Build resilient systems at scale
May 27–29, 2015 • Santa Clara, CA

The curious case of the missing bandwidth - a case study in using sFlow to improve the end user’s experience with greater end-to-end visibility

Bill Green (New Relic)
2:40pm–3:20pm Friday, 05/29/2015
Location: Ballroom AB
Tags: Networking, Ops
Average rating: ****.
(4.00, 1 rating)

Prerequisite Knowledge

Familiarity with basic networking concepts such as what IP addresses and port numbers are. Basic understanding of how hosts communicate with one another on the network.

Description

Abstract

We’ll discover how collecting network flow data can help solve the mysteries on your own network, giving you practical insight into everyday problems. A case study on a live network will be presented to demonstrate a practical application of sFlow. Learn about the tools we need to follow the trail of clues, find the culprit, and solve the mystery.

Cast of Characters

  • sFlow – a detective’s best tool. sFlow is the magnifying glass that gives deep insight into the inner workings of the network
  • The Agent – the agent is a spy, running on network devices (and possibly hosts) – continuously reporting information back to you for analysis
  • The Collector – the detective’s base of operations, where information is gathered, analyzed, and stored.
  • SNMP – the well-intentioned but somewhat less effective investigator. Often overlooks details and makes false conclusions

The Mystery

Examining a live network, we are given clues that a small office LAN’s internet connection has suddenly become unusable. Suspecting the network connection is saturated, we try to round up the usual suspects with SNMP graphs, interface counters, and log entries. From these we learn that something on the LAN is consuming a lot of bandwidth, but who is the culprit? We will implement sFlow collection and show how easy it is to quickly solve the case. We’ll generalize the example to show how it can fit any number of common scenarios.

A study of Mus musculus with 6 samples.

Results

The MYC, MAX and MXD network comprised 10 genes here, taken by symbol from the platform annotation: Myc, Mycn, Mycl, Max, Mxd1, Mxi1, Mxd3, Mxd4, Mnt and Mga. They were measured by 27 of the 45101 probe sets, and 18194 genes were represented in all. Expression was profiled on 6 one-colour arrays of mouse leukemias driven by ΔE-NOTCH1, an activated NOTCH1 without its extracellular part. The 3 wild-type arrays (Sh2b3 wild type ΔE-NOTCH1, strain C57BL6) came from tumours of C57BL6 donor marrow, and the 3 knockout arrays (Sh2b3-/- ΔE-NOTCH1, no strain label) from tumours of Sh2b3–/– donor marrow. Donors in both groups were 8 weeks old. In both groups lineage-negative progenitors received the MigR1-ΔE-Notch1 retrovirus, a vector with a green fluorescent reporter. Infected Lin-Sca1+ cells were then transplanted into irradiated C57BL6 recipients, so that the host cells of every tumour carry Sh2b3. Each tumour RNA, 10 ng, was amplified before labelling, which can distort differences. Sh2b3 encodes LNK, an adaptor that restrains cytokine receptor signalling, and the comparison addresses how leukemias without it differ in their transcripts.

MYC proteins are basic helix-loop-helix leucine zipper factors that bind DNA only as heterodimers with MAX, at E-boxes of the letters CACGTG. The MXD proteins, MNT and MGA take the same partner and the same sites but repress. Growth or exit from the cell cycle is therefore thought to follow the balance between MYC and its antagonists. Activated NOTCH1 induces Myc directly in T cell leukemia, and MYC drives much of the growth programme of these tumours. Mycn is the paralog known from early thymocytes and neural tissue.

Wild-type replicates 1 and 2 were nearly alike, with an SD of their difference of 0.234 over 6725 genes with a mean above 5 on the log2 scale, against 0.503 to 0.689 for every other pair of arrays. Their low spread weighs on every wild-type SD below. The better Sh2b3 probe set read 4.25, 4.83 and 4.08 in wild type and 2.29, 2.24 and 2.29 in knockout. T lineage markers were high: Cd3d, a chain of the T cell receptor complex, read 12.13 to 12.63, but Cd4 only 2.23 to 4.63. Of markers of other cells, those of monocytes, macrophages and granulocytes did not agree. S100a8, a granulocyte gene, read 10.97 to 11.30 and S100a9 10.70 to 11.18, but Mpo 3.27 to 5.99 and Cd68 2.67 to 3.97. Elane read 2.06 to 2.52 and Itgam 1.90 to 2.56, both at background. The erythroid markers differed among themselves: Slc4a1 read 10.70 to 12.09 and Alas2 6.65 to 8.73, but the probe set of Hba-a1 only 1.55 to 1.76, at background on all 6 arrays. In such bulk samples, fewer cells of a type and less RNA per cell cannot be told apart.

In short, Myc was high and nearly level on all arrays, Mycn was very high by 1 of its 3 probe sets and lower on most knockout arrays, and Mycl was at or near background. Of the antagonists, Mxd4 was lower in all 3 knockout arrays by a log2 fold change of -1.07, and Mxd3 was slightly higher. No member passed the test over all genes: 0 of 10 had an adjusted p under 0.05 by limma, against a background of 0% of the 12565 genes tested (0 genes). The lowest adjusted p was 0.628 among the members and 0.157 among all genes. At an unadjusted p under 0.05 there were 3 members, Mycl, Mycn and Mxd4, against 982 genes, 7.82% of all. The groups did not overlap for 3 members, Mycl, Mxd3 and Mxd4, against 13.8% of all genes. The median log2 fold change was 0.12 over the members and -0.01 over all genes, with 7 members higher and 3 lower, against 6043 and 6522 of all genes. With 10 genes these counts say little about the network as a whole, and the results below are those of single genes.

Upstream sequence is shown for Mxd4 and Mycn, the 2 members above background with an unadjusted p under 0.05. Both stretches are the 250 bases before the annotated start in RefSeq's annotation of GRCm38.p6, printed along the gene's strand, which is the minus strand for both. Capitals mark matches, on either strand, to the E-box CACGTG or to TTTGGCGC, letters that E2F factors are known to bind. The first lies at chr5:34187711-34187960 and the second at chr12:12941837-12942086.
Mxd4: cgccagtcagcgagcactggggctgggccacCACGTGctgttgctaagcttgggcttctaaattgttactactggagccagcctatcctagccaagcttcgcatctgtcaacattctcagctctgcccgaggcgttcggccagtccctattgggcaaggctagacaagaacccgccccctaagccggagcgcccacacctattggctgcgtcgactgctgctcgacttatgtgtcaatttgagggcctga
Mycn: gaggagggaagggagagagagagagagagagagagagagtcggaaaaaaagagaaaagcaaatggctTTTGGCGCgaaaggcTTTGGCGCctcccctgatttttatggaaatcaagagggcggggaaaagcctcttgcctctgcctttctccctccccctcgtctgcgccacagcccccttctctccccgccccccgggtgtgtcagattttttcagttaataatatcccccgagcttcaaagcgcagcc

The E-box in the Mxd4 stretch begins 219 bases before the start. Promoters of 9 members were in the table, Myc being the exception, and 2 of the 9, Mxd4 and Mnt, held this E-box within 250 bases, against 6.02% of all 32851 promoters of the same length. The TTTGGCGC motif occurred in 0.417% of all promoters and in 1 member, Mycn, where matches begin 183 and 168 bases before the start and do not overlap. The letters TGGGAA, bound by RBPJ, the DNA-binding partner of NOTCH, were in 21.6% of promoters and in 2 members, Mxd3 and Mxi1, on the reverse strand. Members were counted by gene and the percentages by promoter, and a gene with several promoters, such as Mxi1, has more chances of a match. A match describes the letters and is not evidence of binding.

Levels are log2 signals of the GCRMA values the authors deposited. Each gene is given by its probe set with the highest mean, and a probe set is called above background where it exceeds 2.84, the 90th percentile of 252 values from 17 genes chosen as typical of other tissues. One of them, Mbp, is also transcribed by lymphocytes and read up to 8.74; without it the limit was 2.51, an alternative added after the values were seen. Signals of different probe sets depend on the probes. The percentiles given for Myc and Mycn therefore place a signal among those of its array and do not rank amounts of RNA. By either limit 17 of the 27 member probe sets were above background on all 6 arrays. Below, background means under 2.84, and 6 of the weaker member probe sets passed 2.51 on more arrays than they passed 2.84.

Conclusions

  • How sFlow can be used to solve practical everyday problems on the network
  • Common implementations and tools (emphasis on free and open-source)
  • Where to go for more information, configuration examples, and source repositories
Photo of Bill Green

Bill Green

New Relic

Bill Green started his career working for various ISPs in the San Francisco Bay Area in the mid 1990s. His primary skill-set is network engineering, with a special interest in monitoring and automation. Bill greatly enjoys talking to others about their experiences, and sharing information about the different problems we’ve solved.